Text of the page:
On The Iraq “Catastrophe” And The “Etiquette Of Blogging”

Oxblog’s Patrick Porter:

Its legitimate to hold someone to account for arguments they make in the public sphere. Though if everyone was accountable for views we had four years ago, who would ‘scape whipping?’

Read how a host of issues come together HERE.

  • Elrod

    Ironically, one of the things I worry about going forward is a retreat into total isolationism. I’ve always been a liberal interventionist, meaning that I believe America can and should intervene on the world stage to advance the cause of human rights, democracy and justice. But I only favored this within the very limited auspices of permanent international organizations like NATO and the UN. Yes, those organizations (especially the UN) have self-interested reasons to oppose reform. But they also hold legitimacy and make possible long term changes that would not be available without the imprimatur of third party bodies. My biggest beefs with the Iraq war from the beginning were: A) I don’t trust the Bushes on anything – period. B) Iraq wasn’t a real threat; I never thought they were a real threat. And A) made that feeling more acute. C) the arguments about preemptive war and ad hoc coalitions were a prescription for global anarchy much worse than that which produced Al Qaeda. D) I so no serious discussion of the post-war period. Admittedly, there wasn’t much to evaluate but the infamous Shinseki dis was a sign that a gang of street children had control over US foreign policy.

    The problem, though, is that both ends of the US spectrum will no longer support any sort of intervention. We cried wolf. As I suspected in 2003, the Iraq war would result in disaster, and would weaken America over the long haul. Forget Darfur. Forget the next Rwanda. America won’t touch it ever again. That’s too bad because it sets us up for a Harding-like isolationist era of retraction.

  • Mikkel

    Elrod, while I would have to describe myself in your camp, the current situation has really made me reevaluate that. Actually, to be more accurate, the current Kosovo situation is what clenches it.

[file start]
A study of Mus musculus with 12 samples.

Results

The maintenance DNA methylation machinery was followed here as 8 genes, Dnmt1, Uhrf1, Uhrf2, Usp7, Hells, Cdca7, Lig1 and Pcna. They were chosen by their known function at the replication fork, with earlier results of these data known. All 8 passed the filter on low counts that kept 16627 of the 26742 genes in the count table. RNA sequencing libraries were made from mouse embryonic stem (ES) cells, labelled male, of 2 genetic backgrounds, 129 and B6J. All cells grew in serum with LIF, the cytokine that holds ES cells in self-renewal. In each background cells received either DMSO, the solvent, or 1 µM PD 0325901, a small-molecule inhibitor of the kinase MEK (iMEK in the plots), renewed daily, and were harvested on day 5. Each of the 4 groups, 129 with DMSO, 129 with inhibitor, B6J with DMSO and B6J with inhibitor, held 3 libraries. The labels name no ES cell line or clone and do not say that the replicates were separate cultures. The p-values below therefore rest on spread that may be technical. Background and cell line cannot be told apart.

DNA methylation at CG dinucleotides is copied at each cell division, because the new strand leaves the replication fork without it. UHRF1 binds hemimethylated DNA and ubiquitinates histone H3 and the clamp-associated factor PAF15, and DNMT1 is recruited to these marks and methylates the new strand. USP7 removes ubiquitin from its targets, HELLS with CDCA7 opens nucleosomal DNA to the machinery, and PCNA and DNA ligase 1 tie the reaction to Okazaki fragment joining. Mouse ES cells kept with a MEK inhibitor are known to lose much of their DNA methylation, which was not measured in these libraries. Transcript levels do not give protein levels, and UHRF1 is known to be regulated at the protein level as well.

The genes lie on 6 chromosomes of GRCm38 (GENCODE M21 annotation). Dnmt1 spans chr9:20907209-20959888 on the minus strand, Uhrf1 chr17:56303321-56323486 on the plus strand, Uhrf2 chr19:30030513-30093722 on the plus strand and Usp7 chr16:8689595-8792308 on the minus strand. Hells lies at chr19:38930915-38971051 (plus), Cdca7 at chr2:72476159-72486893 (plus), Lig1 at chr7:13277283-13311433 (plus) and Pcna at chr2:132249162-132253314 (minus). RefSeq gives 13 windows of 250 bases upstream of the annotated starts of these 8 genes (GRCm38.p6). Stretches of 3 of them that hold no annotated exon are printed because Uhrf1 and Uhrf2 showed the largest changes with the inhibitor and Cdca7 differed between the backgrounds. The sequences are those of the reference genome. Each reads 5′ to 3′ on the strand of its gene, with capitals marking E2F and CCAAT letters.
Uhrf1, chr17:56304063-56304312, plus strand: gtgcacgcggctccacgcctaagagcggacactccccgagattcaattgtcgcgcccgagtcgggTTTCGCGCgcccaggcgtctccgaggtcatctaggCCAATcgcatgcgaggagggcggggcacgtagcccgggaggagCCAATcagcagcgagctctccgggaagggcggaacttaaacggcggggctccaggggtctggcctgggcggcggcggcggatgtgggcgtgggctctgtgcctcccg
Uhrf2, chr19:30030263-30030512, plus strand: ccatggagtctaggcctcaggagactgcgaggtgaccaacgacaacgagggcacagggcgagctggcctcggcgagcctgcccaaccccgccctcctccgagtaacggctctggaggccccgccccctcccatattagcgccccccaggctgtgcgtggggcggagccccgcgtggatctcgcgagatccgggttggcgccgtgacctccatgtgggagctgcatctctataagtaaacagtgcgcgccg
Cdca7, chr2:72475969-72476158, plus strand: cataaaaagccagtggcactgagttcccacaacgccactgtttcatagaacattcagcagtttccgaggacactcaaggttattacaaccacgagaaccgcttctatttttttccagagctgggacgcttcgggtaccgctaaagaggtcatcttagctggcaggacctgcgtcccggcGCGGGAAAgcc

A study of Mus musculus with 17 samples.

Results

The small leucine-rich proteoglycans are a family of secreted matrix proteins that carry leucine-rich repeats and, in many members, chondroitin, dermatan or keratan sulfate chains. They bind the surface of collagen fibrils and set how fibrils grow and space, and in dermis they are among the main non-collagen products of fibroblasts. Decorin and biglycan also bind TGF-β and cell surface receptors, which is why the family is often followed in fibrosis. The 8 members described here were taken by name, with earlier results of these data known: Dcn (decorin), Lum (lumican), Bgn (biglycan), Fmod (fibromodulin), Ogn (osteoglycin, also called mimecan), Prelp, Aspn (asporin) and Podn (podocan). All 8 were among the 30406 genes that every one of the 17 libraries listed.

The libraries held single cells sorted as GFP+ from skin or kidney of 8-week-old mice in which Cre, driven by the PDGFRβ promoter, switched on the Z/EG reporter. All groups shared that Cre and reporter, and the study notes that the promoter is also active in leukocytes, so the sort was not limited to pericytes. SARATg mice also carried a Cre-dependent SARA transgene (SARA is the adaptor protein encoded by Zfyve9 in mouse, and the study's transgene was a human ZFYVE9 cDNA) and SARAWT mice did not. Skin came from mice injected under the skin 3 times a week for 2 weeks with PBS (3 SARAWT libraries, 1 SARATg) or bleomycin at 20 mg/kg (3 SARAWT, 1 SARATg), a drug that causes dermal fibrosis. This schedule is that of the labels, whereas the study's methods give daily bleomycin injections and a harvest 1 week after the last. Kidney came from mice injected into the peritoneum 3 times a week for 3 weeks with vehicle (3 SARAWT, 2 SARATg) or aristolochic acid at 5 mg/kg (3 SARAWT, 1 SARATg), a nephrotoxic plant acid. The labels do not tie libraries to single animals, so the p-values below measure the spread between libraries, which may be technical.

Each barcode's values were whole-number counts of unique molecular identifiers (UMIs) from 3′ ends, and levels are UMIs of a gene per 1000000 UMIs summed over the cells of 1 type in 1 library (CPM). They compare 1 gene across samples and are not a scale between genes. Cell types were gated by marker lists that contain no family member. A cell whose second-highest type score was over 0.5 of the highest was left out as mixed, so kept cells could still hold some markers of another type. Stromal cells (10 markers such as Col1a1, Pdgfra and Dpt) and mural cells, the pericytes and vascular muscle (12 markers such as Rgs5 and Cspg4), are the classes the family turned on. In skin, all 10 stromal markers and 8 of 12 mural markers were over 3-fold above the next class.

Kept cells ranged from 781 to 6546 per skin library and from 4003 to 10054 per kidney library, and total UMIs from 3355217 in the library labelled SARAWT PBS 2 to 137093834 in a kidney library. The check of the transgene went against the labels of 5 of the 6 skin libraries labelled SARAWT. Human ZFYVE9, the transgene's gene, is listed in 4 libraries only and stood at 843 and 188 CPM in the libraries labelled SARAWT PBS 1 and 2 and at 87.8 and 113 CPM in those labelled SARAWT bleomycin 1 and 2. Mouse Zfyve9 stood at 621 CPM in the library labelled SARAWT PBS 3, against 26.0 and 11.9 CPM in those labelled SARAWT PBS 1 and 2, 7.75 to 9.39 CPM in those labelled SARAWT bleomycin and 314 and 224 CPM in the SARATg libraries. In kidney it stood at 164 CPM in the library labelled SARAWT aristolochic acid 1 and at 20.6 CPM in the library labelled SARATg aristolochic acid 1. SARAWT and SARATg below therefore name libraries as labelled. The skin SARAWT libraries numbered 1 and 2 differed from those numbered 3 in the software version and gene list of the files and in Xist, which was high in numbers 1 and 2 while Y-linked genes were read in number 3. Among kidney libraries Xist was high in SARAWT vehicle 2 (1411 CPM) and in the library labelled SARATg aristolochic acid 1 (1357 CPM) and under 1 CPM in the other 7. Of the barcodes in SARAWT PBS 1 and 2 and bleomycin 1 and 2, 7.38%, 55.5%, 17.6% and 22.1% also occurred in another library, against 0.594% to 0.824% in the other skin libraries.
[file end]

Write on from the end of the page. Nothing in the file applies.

The fact is that in recent genocidal situations, the victims tend to just be victims because they are on the losing side. It seems like our concepts are built around atrocities against jews, gypsies or even the Inquisition; situations where there was complete senseless violence against a pacifist minority.

    However in Darfur, Rwanda and Kosovo, the genocides were preceeded by civil war structured around ethnic divisions. In this case, it seems like it is more of a function of total war rather than anything else.

    Obviously we shouldn’t sit by and do nothing while hundreds of thousands of innocent people are slaughtered, but we need a new framework for how to intervene. In Kosovo we merely changed the calculus so the Albanians have the upper hand, and if NATO were to leave we would be likely to see cleansing of the Serbs. It’s the ethnic hate that isn’t addressed under the current concepts, because we operate under the implicit assumption that only one side contains that hate.

    How do you forgive a group that has killed your family and hundreds of thousands simply because of your ethnic group? Jews seem to be able to but let’s face it, that’s probably just because they’ve been experiencing it for thousands of years and it’s built into the culture and religion.

  • Andrew

    Krugman just wrote an entire column on people who were absolutely right about Iraq four years ago — Gore, Webb, Wes Clark, etc. It’s ridiculous that we’re still paying attention to those that were fundamentally wrong and incompetent instead of those that were absolutely prescient.